Community spotlight: Dr. Jinfeng Chang and his grassland study

Community spotlight: Dr. Jinfeng Chang and his grassland study

As massive melting of glaciers and climate change knocks earth off its axis, global warming continues, unfortunately, to be a  topic of the moment. . A recent study that is among the most read articles of this week at MyScienceWork estimates the impact of grasslands on our climate.

 

What is the particularity of grasslands?

 

Grasslands around the world form a complex biotope. They play a major role in climate change by absorbing and releasing CO2 through its many processes. Today, natural and lightly grazed grasslands account for 80% of the total cumulative carbon sink of the world's grasslands. They are now widely used in industry, especially for grazing: grass fodder feeds nearly half of the world's livestock. However, overgrazing causes serious damage to the soil. Moreover, the animals, the manure or the fertilizers deposited produce greenhouse gases.

 

In the last century, the number of domesticated ruminants increased from 1.4 to 3.4 billion, leading to a trend towards intensification of grasslands. At the same time, hunting, disease or the division of their habitat has caused a massive disappearance of wild herbivores.

Dr. Jinfeng Chang, now at Zhejiang University in China, attempts to understand the role of grasslands in climate change, and the consequences of human action through his paper “Climate warming from managed grasslands cancels the cooling effect of carbon sinks in sparsely grazed and natural grasslands”, published in Nature Communication. While intensification of grassland management increases CH4 emissions from livestock, the loss of wildlife results in lower emissions.

 

Image: Complex processes and the greenhouse gas fluxes that are accounted for in  “Climate warming from managed grasslands cancels the cooling effect of carbon sinks in sparsely grazed and natural grasslands”Image: Complex processes and the greenhouse gas fluxes that are accounted for in  “Climate warming from managed grasslands cancels the cooling effect of carbon sinks in sparsely grazed and natural grasslands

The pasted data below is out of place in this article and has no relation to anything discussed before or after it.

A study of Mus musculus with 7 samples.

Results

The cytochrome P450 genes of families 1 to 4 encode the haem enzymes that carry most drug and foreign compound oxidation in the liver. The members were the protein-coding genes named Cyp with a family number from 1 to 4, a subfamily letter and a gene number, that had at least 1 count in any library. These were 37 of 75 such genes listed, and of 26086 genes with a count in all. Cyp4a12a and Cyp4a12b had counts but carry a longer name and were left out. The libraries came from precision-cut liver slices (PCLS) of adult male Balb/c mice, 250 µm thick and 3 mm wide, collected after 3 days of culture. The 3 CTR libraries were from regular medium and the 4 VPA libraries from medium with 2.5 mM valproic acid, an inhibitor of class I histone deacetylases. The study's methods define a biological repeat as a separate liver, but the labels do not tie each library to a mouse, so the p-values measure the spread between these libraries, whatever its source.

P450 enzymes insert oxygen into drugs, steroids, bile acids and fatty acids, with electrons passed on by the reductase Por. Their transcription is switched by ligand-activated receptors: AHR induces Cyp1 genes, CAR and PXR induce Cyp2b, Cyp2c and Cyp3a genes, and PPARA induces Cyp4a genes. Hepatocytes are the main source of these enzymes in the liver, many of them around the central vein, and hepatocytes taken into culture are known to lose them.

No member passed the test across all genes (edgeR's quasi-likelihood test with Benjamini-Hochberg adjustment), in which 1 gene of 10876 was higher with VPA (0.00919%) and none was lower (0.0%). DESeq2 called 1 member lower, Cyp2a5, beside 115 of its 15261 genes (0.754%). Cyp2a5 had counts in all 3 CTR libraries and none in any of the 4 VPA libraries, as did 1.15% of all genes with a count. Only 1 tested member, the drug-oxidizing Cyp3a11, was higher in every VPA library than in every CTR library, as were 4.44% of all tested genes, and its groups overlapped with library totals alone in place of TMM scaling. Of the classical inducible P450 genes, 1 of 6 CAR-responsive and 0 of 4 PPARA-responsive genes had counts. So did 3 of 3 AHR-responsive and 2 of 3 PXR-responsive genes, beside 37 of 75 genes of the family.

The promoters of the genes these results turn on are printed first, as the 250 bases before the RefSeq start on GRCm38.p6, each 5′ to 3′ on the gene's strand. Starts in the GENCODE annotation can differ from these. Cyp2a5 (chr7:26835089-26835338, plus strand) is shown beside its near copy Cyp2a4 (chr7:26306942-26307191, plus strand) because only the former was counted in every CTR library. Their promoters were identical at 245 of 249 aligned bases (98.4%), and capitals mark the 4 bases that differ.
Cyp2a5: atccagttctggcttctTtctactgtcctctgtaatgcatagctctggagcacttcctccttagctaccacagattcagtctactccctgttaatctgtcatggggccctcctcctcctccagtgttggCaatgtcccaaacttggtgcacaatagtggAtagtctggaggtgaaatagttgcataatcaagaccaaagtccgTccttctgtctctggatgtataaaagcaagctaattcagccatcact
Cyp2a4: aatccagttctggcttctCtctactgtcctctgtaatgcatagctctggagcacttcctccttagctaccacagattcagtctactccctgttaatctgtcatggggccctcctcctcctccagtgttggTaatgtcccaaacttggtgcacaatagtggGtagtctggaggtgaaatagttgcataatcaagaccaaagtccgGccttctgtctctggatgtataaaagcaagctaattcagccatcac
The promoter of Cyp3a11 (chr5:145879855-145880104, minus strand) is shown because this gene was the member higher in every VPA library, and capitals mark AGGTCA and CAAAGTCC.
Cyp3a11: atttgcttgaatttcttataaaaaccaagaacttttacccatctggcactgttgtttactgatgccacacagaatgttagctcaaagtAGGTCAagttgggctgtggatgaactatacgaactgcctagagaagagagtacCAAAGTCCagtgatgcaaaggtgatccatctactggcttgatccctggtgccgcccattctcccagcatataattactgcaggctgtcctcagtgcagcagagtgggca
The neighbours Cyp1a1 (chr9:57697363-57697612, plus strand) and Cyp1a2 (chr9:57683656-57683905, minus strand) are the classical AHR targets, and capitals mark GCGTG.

What are the consequences of human actions on grasslands?

 

Looking at the greenhouse gas balance of the world's grasslands from 1750 to 2012, the researcher and his colleagues note a decline in the leaf area index in the western United States, southern Brazil, Argentina and Australia. This is due to decreased precipitation and overgrazing: plants grow less well because they are eaten, and do not have enough leaves or reserves to grow back.

 

Since the 1860s, overpopulated areas have steadily increased, and with them methane and nitrogen dioxide emissions, which have more than doubled since 1750. The increase in livestock numbers, manure replenishment, and the addition of nitrogenous fertilizers and minerals are responsible for this. 

 

The study, also relayed by IIASA, shows that greenhouse gas emissions have different origins in different countries: South America and East and Southeast Asia owe their carbon emissions to the transformation of forests into pastureland; carbon emissions due to the transformation of grassland into cropland are caused mainly by North America, Europe and South Asia.

 

Moreover, the environmental impact is different in different countries. In North America, Russia and Oceania, it is low because grasslands are estimated to store carbon well in the soil. Grasslands in sub-Saharan Africa also have a low impact because of the massive decreased number of wild grazers. In contrast, the high impact of South Asian grasslands is due to the increase in livestock and the conversion of grasslands to cropland. Finally, Latin America produces large methane emissions from livestock and NO2 from fertilizers or manure deposition, but deforestation, which releases large amounts of CO2 into the air, remains their biggest problem.



Understanding the origin of greenhouse gases is a first step to limit them

 

Research has shown the link between livestock and greenhouse gas emissions. When livestock numbers are reduced, not only are methane and carbon dioxide emissions reduced, but carbon in the soil can also be fixed more efficiently.

 

Prior to this article, the effects of grasslands on climate change had never been highlighted. Yet the effects of this biotope are essential to understand in order to better comply with the Paris Agreement, whose goal is to limit global warming.

 

With the increase in demand for livestock products, such as milk for example, comes the increase in methane and nitrogen dioxide released into the air. At this point, overgrazed grasslands have shifted from being a carbon sink or carbon neutral to a source of greenhouse gases due to intensification,mismanagement, and overgrazing, which is why it is important to restore degraded pastures, stop deforestation, and go easy on the consumption of  animal products.